This prompt is called, “Word Tumble.” Everyone writes down ten words they like; these can be slang or latinate, it doesn’t matter. Once everyone has ten words, I ask them to write five sentences, using two of the words in each sentence. But here’s the trick: the sentences have to be nonsensical. They can’t really make sense.
This is a challenge for most of us, but it really takes us out of our literal, logical mind, and offers us a chance to be zany and playful. Then we read three of them out loud (and laugh, although some of the sentences are eerie or even beautiful).
I wrote down a few phrases that caught my attention:
You pretentious oxymoron.
Grace is gone.
Fresh shit from your consciousness.
What I wrote is below.
“Don’t,” she says. “Just don’t!”
“But I’m almost there!” I plead. “Just one more–”
“Give it up!” she says, pushing me aside, getting up from the bed. “I am so tired of this shit.”
Here she goes.
“I mean, what more do I have to do? Cherry trees are blooming on 26th Street, daffodils are playing their yellow trumpets in the backyard, and men in jockstraps and boots are looking you up and down like they want to eat every inch of you. What more do you want from me?”
I hate it when she gets like this.
“I mean it, Man,” she says, throwing a sweater over her body, pale and Botticelli beautiful. “I’ve done everything I can to help you out.”
“It’s not my fault!” I argue, sliding to the edge of the bed, Harriet Doerr’s novel butterflied open and face down beside me. “I haven’t had time to write, I–”
“Save it,” she says, slipping on my neoprene sandals, walking out.
“Where are you going?” Then I hear her clanking through the bottles in the liquor cabinet.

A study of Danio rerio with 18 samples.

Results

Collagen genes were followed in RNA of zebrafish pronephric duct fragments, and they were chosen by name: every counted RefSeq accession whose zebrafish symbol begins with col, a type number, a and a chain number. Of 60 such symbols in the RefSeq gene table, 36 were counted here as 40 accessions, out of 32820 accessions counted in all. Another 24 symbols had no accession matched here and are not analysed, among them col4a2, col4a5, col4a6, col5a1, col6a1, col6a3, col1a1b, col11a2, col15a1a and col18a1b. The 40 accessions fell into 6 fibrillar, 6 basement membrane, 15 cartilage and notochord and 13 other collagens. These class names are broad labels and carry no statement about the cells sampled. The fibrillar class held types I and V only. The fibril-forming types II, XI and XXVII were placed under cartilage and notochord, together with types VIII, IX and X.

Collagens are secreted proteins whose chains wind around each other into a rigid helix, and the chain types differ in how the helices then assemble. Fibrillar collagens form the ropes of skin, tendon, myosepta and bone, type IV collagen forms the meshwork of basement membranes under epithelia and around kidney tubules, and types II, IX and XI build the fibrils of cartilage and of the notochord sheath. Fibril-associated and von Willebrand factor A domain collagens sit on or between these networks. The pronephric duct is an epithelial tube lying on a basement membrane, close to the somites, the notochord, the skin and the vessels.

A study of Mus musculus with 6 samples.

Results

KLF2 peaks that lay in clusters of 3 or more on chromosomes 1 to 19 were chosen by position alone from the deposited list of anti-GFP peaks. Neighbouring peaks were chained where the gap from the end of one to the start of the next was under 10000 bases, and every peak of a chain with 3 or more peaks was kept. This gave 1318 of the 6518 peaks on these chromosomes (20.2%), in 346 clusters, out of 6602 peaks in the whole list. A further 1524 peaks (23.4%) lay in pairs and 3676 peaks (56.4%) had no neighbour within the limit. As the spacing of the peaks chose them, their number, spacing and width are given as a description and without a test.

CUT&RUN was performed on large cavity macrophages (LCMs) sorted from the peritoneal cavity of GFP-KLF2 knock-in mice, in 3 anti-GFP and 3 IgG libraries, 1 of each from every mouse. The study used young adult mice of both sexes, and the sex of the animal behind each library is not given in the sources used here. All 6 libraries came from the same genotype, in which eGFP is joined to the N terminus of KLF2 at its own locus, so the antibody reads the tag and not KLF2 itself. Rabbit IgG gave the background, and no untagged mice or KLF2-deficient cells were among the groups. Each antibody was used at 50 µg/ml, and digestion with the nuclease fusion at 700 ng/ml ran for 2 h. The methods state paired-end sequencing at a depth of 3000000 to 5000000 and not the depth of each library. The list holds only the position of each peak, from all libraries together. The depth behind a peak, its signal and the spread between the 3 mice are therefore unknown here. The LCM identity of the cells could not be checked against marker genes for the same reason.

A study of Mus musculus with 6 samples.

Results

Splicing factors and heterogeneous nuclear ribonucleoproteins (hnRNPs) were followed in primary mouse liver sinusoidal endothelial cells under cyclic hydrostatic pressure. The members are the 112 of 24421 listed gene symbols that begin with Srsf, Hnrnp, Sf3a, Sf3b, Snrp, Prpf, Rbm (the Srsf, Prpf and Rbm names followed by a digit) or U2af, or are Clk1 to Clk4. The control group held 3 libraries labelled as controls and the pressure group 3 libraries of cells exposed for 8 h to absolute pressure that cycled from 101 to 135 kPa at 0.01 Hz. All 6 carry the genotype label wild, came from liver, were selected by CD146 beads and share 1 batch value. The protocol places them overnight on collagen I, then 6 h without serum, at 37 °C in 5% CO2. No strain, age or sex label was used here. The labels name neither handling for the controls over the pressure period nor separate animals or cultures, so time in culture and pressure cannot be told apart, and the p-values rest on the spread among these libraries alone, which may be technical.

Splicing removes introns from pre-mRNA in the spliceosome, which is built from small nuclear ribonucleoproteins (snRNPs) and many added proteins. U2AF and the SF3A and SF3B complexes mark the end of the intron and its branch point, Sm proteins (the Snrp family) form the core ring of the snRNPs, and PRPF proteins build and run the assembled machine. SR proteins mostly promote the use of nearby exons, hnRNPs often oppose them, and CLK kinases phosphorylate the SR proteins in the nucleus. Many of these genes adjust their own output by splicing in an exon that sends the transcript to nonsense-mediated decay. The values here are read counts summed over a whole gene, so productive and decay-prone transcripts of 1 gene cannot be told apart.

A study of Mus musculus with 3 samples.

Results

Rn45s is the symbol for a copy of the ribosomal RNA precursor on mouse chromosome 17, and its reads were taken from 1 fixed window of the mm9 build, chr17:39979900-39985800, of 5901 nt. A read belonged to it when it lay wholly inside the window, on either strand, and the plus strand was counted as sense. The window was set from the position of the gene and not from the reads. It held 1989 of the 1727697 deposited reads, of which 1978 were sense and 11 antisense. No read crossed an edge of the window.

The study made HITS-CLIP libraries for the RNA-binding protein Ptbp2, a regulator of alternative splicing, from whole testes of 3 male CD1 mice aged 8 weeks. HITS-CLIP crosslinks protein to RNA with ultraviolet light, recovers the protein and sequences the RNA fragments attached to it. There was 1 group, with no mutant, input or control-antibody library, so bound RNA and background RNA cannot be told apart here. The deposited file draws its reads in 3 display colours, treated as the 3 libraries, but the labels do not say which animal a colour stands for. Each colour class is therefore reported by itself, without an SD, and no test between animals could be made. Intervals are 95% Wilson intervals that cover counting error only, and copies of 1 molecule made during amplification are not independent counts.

“You’re drinking?” I ask, trying to hide the accusation in my voice.
“You’ve driven me to it,” she snaps, stomping into the kitchen, grabbing a coffee mug, filling it with brandy. “Maybe when I’m good and drunk you’ll start acting sensibly.”
The early spring sun is filling the kitchen table, and the African violet is reaching toward it. In the yard below, two hummingbirds are chattering in what I’m sure is an argument over the tiny feeder of sugar water.
“You’re my muse!” I holler, grabbing the mug from her, brandy sloshing over the edge onto the jute rug. “You’re supposed to be patient and kind and–”
“What a load of crap!” she says, grabbing the mug, taking a gulp.
“Stop it!” I say, but she takes another swig and downs the rest.
“You stop it,” she says. “Stop reading Facebook, and getting stoned, and watching YouTube videos. Start saying no and reading only on weekends. Submit that fucking poem and open up that file, and finish your novel draft!”
“Wow,” I say.
“Yeah,” she says. “Wow.”
“I have to rest,” I argue. “I need more time to rest.” I think of Sinead O’Conner singing, I need to write it all down/And rest for awhile.
“You can rest when you’re dead,” my muse says. Then she puts the mug in the sink and walks right out my front door without any pants on.
She’s got a beautiful ass, but I like her pretty face so much better.